James Calvert, a 45-year-old native of Tyler, Texas, is on trial for the murder of his ex-wife and the abduction of their 4-year-old son in October 2012. To the dismay of attorneys who specialize in death penalty cases, Calvert has been allowed to defend himself in court. Citing Calvert’s erratic behavior, Sheen ordered that the defendant be fitted with a shock belt (also called a stun belt) which operates in much the same way as a taser. Remotely operated by a bailiff, the belt administers a 50,000-volt electric charge that lasts up to eight seconds.

“The shock knocks the wearer to the ground, causes intense writhing and shaking, and may result in uncontrolled defecation and urination as well as serious medical injury,” notes the Los Angeles Times, summarizing a 2002 California Supreme Court ruling limiting use of the apparatus. Under established policies and procedures, the device is to be used only when defendants pose an immediate security risk.

On September 15, Calvert, who has been diagnosed with mental illness – refused to stand after being directed to do so by Judge Skeen. In a tweet issued from the courtroom, Cody Lillich, a correspondent for Tyler NBC affiliate KLTV, reported: “Calvert refuses to stand up when talking to judge. Shock belt is administered, Calvert scream[s] ‘ahh’ for about 5 seconds.” According to Lillich, Calvert seized up and contorted pain as he screamed in the courtroom.

“This is just a travesty of justice as far as I’m concerned,” commented Houston-based criminal defense attorney George Parnham in an interview with Reuters. “This man is facing an execution if he’s convicted.” NBC News observed that Calvert the “has already experienced a very small taste of how an electric chair might feel” if he is convicted of the capital offense. Skeen’s conduct as trial judge might actually make that outcome less likely.

Kathryn Kase, executive director of Texas Defender Service, believes that Calvert’s mental state makes him incompetent to act as his own defense attorney.

“The Supreme Court has ruled [that people] with a history of mental illness are supposed to show a much higher level of competence to represent themselves,” Kase told NBC News. Early in the trial, Calvert told Judge Skeen that he would use the word “foxtrot” to register all of his objections. “That’s something that someone with mental illness does,” Kase asserts. “That says to me, someone is losing their grip on reality.”

Thirteen years ago, the California Supreme Court upheld the death penalty conviction of Jonathan Keith Jackson, who was forced to wear a shock belt during his murder trial. In her solitary dissent, Justice Godwin Liu pointed out that Jackson, who was worried about triggering the electric charge by fidgeting, sneezing, or some other incidental movement, sat “as still and impassively” as he could. That stolid demeanor, she suggests, could have had a negative impact on the jury that convicted him and sentenced him to death.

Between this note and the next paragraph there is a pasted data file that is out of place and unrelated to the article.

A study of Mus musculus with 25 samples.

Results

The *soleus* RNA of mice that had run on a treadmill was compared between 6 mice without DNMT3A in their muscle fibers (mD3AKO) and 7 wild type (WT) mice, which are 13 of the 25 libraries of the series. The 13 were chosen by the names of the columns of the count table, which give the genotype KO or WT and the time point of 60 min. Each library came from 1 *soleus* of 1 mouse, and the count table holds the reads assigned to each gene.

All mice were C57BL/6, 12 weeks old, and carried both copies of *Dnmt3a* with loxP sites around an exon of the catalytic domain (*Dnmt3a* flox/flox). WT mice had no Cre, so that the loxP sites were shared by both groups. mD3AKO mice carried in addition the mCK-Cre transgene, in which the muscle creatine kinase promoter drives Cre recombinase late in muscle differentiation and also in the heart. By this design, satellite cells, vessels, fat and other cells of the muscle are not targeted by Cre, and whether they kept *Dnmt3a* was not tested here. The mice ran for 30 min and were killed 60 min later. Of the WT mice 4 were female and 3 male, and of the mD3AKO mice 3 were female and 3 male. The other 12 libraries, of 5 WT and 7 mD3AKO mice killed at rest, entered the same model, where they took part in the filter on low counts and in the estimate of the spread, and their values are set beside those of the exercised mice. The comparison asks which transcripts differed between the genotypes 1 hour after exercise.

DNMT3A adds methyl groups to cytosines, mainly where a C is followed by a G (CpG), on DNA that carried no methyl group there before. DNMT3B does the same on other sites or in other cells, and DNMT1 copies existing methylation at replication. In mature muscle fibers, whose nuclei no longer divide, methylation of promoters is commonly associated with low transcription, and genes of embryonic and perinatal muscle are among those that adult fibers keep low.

Calvert has been anything but impassive during his trial, and his behavior obviously over-taxed Judge Skeen’s patience. Some legal observers believe that the judge’s order to shock the uncooperative defendant may lead to a successful appeal if Calvert is convicted. Others believe that Skeen, a former prosecutor, may face censure for an ethics violation.

“I don’t care what the defendant is being tried for, this is about the lack of character displayed by a judge who decides to shock somebody for not standing up – and right in front of a jury,” complains Austin attorney Jerri Lynn Ward. “This judge has no character.” Skeen’s professional reputation is somewhat tainted, and he has been the subject of at least one complaint seeking his removal from the bench.

Skeen is not the first trial judge to inflict electro-shock punishment after becoming impatient with a defendant acting as his own attorney.

During a 2012 trial, Maryland Circuit Court Judge Robert Nalley ordered a sheriff’s deputy to administer a shock to the defendant, 25-year-old Delvon L. King, while the defendant was attempting to cite a court precedent in his own defense.

“Stop,” Nalley snapped at King, according to the trial transcript. As King finished his sentence, Nalley instructed a deputy: “Do it – use it.” At that point, the officer pushed a button that directed 50,000 volts through a “stun cuff” attached to King’s right leg. The defendant screamed in agony, then crumpled to the floor of the courtroom.

An internal review conducted by the Charles County Sheriff’s Office delivered the entirely predictable finding that Sheriff’s Deputy Charles P. Deehan, who carried out Nalley’s order, “had not acted inappropriately,” reported the Washington Post. Maryland State Public Defender Paul D. Wolfe wasn’t satisfied with that result, demanding that Nalley be removed from the bench.

“For a judge to inflict physical pain for the sole purpose of silencing an individual is unacceptable,” DeWolfe told Post columnist Courtland Milloy. “In a court of law, it is the judge’s responsibility to protect the rights of those involved in the process, not to violate them.” Nalley, who had been suspended in 2010 for deflating the tires of a car parked in a restricted area outside the courthouse, was removed by the Maryland State Court of Appeals in September 2014.

When tasers first became widely available to police officers, they were described as a “less-lethal” alternative to the use of deadly force in circumstances justifying such methods. Now they are routinely used by police in dealing with uncooperative but non-violent subjects, or even to deal out a measure of gratuitous “street justice” on entirely submissive individuals. A similar dynamic may play out in the courtroom with judges imitating the behavior of police officers by inflicting electro-shock torture as summary punishment of people yet to be convicted of an offense.